Housing Loans Were A Form Of Speculation Like Tulips

Toxic loans were a form of speculation, like Tulip futures that were bought and sold into a churn without delivery. The speculation in toxic housing lending came from duped investors. The investors were betting on the continued stability and increase in the housing market. Santelli said borrowers speculated, but that was not quite right. Most home buyers had no idea that the investors were speculating, thereby giving the borrowers the ability to take out easy money loans. While the loans themselves were not technically criminal, the CDO’s and the CDS’s that were turned out at the investor end were most certainly criminal.

Of course, the speculation was even masked to many investors, who believed that they were purchasing safe bonds. Therefore, the root of housing speculation lies with those that underestimated the risk of the CDO’s and related CDS’s. The investment banks and Basel 2 are responsible for the fraud. When crime is located that high up on the food chain, only education and protest can alert mainstreet. Speculation becomes a standard business practice.

There is a simple answer to this speculative attack on borrowers. We must boycott the 30 year mortgage. Just as the futures speculation ended, as people no longer trusted the trading without delivery of tulips, so then is the equivalent the boycott of the 30 year mortgage as a way of protecting investors and borrowers.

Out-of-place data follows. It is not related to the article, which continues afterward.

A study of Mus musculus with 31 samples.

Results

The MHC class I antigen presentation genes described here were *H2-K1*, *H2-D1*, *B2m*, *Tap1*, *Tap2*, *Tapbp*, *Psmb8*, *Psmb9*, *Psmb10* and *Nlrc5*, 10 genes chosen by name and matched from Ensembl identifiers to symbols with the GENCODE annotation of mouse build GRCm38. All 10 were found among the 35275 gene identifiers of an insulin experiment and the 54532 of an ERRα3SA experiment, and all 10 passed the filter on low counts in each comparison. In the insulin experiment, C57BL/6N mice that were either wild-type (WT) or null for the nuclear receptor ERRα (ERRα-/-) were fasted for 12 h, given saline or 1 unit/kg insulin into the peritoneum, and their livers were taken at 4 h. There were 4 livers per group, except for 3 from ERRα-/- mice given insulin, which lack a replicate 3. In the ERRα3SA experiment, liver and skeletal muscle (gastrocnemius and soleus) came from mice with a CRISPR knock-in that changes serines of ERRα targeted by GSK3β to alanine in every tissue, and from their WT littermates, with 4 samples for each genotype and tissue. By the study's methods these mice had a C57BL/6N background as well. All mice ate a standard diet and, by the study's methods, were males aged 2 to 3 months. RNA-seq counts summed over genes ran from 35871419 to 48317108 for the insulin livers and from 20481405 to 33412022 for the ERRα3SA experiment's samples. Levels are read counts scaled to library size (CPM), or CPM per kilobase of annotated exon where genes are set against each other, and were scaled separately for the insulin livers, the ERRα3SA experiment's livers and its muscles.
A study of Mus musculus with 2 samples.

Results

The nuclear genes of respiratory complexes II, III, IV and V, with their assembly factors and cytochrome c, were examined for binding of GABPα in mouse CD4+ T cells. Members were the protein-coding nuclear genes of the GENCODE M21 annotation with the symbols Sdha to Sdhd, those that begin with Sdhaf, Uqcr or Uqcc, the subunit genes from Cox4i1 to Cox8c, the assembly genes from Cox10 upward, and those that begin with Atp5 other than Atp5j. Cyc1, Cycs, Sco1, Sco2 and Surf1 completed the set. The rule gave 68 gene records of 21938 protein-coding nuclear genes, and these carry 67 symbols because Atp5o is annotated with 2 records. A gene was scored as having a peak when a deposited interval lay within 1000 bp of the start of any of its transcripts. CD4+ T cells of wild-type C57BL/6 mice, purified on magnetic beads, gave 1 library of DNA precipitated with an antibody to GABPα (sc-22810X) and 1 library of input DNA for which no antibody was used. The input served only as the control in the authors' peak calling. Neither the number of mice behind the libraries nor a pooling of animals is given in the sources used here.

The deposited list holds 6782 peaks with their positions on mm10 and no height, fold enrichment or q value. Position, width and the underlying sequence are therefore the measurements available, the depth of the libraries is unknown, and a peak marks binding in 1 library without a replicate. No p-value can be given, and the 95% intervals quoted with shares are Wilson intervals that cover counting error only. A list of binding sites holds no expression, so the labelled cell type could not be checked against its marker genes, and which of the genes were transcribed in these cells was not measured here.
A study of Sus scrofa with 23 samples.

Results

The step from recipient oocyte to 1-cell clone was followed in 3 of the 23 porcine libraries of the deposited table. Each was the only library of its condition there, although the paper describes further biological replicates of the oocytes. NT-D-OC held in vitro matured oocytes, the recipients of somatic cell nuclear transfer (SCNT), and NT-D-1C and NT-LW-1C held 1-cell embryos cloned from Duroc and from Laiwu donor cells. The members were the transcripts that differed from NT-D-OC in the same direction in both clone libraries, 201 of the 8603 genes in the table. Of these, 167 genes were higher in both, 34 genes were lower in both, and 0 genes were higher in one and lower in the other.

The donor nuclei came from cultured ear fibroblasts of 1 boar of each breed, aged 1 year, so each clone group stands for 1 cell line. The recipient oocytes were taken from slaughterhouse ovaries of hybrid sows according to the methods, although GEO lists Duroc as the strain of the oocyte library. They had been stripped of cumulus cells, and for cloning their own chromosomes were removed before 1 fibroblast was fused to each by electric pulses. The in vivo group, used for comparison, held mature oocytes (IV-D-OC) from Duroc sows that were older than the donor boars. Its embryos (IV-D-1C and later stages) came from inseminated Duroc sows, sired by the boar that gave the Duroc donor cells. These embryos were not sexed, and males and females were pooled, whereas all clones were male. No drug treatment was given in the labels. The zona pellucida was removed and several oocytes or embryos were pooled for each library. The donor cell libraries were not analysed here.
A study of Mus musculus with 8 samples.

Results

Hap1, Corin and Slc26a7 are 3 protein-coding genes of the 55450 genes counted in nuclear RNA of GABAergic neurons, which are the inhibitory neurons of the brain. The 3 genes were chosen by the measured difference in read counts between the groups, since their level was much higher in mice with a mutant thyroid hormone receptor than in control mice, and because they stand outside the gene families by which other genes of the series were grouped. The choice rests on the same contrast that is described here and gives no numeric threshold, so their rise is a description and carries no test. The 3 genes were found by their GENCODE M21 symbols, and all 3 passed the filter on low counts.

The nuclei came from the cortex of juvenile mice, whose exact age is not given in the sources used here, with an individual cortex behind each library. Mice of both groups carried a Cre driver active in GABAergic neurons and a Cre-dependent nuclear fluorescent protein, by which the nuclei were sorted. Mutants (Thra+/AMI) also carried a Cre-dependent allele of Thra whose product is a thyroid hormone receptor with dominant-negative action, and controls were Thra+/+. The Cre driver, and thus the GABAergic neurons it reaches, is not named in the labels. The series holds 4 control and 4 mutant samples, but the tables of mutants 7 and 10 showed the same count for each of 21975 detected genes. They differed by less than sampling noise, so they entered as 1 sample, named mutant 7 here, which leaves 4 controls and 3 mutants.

Indeed, Will Rogers said this about the uselessness of banking speculation:

“You can’t break a man that don’t borrow; he may not have anything, but Boy! he can look the World in the face and say, “I don’t owe you Birds a nickel.” You will say, (if everyone stops borrowing) what will all the Bankers do? I don’t care what they do. Let ’em go to work, if there is any job any of them could earn a living at. Banking and After-Dinner Speaking are two of the most Non-essential industries we have in this country. I am ready to reform if they are.” WA #14, March 18, 1923 (Willrogerstoday.com)

He was willing to give up his massively popular column in the New York Times if bankers would give up speculating! Speculation is being built into our economy, and uncontrolled speculation is here and should be banned. When Joe Weisenthal of Business Insider says that speculation does not drive prices of commodities, but rather supply and demand, one just has to look at the case when fear takes over. When fear of Greece demise overcomes greed, commodity prices go down. This is clearly a result of a pull back in speculation. And remember, tulip mania almost ruined the financial system of the Netherlands. Rampant speculation has no place in the financial world.

It is my view that two types of speculation should be banned. Buying and selling of futures without taking delivery should be banned. And allowing easy money in such quantity that it actually drives up the prices of houses should be banned. Otherwise, Americans will get wiser and wiser and will refuse to play the game. If that happens I will have to do something productive rather than writing these articles. I promise.

For a great overview of the tulip mania please check out this website. I have no idea who the folks are who wrote the article, but it has merit. Also, CNBC and Melissa Francis keep talking about the risk trade. Let’s just call it what it is, the speculation trade, a very hurtful attack on mainstreet.It doesn’t sound so nice when you call it the speculation trade. CNBC seems to have a euphemism for everything. And as for Rick Santelli, people bet as he says because they were deceived. If people don’t know they are betting how can that guy actually call it a bet? 

My Will Rogers ebook is available on Amazon.com.